This 1938 map records a German city with an extensive local rail network. It is centred on islands in a major river, but a flood relief channel had been built to the north. Where is it?
Answer: Wrocław, Poland, formerly Breslau, Germany. Congratulations are due to the following for their correct answers: Dave Goodyear, Andrew Treves, Richard Maund, Richard Fleming, Jeremy Harrison, Colin Penfold, Gérard van Teeffelen, Paul Hopper, Andy Foster.
Perhaps a trick question, because this "German" city had its population removed in 1945 and replaced by Poles being relocated from what is now western Ukraine and Belarus. The central area of Breslau and a current map of Wrocław are below:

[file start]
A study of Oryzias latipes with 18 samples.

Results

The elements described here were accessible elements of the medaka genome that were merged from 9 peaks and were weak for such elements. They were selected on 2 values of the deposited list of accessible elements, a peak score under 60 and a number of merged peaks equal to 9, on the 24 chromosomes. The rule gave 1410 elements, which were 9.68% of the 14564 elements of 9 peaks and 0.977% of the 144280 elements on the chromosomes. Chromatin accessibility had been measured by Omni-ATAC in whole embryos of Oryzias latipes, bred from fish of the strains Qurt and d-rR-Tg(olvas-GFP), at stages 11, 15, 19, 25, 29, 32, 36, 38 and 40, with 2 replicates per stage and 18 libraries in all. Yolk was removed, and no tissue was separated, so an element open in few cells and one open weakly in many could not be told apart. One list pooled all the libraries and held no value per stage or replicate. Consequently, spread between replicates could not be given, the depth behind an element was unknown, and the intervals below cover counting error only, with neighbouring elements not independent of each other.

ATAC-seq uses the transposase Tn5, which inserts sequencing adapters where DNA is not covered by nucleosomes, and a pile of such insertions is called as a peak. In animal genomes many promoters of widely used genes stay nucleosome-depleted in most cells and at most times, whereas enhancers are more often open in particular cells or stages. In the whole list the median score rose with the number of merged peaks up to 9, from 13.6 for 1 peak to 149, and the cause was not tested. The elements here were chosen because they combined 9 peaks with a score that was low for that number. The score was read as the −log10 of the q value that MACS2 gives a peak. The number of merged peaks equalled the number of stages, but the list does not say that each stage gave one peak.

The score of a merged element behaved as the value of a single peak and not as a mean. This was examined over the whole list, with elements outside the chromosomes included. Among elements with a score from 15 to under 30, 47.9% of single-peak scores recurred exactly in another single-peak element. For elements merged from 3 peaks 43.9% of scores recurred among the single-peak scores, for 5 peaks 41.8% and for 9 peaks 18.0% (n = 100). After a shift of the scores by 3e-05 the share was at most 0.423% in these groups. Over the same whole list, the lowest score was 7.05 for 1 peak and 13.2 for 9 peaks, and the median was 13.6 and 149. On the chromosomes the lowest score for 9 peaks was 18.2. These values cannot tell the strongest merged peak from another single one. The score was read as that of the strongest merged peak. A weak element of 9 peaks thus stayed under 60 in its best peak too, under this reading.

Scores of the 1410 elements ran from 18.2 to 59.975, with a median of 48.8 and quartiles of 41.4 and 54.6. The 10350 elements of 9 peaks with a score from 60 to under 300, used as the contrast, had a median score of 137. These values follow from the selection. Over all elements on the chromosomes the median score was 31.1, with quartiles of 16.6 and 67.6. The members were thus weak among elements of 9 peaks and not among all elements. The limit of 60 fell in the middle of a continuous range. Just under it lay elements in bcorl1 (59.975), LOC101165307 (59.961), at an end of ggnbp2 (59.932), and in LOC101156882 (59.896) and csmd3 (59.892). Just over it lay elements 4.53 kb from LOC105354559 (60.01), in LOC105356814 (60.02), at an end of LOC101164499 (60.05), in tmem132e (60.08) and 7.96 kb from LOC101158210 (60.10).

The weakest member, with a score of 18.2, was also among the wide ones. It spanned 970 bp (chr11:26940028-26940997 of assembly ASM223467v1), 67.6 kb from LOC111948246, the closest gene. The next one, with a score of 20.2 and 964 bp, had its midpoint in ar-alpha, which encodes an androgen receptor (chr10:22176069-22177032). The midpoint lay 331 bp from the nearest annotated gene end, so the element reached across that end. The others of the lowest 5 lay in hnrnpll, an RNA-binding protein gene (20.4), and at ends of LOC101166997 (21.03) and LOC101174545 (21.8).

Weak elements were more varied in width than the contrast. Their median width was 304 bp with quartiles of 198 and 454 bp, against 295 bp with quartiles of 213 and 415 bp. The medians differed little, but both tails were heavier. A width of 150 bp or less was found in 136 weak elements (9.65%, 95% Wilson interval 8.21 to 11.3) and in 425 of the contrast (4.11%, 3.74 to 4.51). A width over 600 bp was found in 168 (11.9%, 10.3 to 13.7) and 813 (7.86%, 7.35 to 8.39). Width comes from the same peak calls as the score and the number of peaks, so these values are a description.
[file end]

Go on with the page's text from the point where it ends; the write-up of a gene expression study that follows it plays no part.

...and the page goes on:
I spent a few days in Wrocław in 2017. The city was besieged by the Soviet Red Army in 1945 and much was destroyed. It was transferred to Poland and a systematic effort was made to remove all German traces. Bullet holes still abound, and the remaining authentic pre-War apartment buildings are often used for filming. Whole blocks remain unbuilt, but a booming economy and Poles returning from the UK mean you can now buy a Costa coffee ...
The Germans were inspired by Letchworth Garden City to build their own version in the 1930s - circled in blue.
The terminus station Dworzec Świebodzki (circled in red) had already closed. A couple of photos show the de-electrified approach and a static steam loco display. The buildings have since been repurposed as a Museum of Computers and Games and a theatre, but the land remains undeveloped.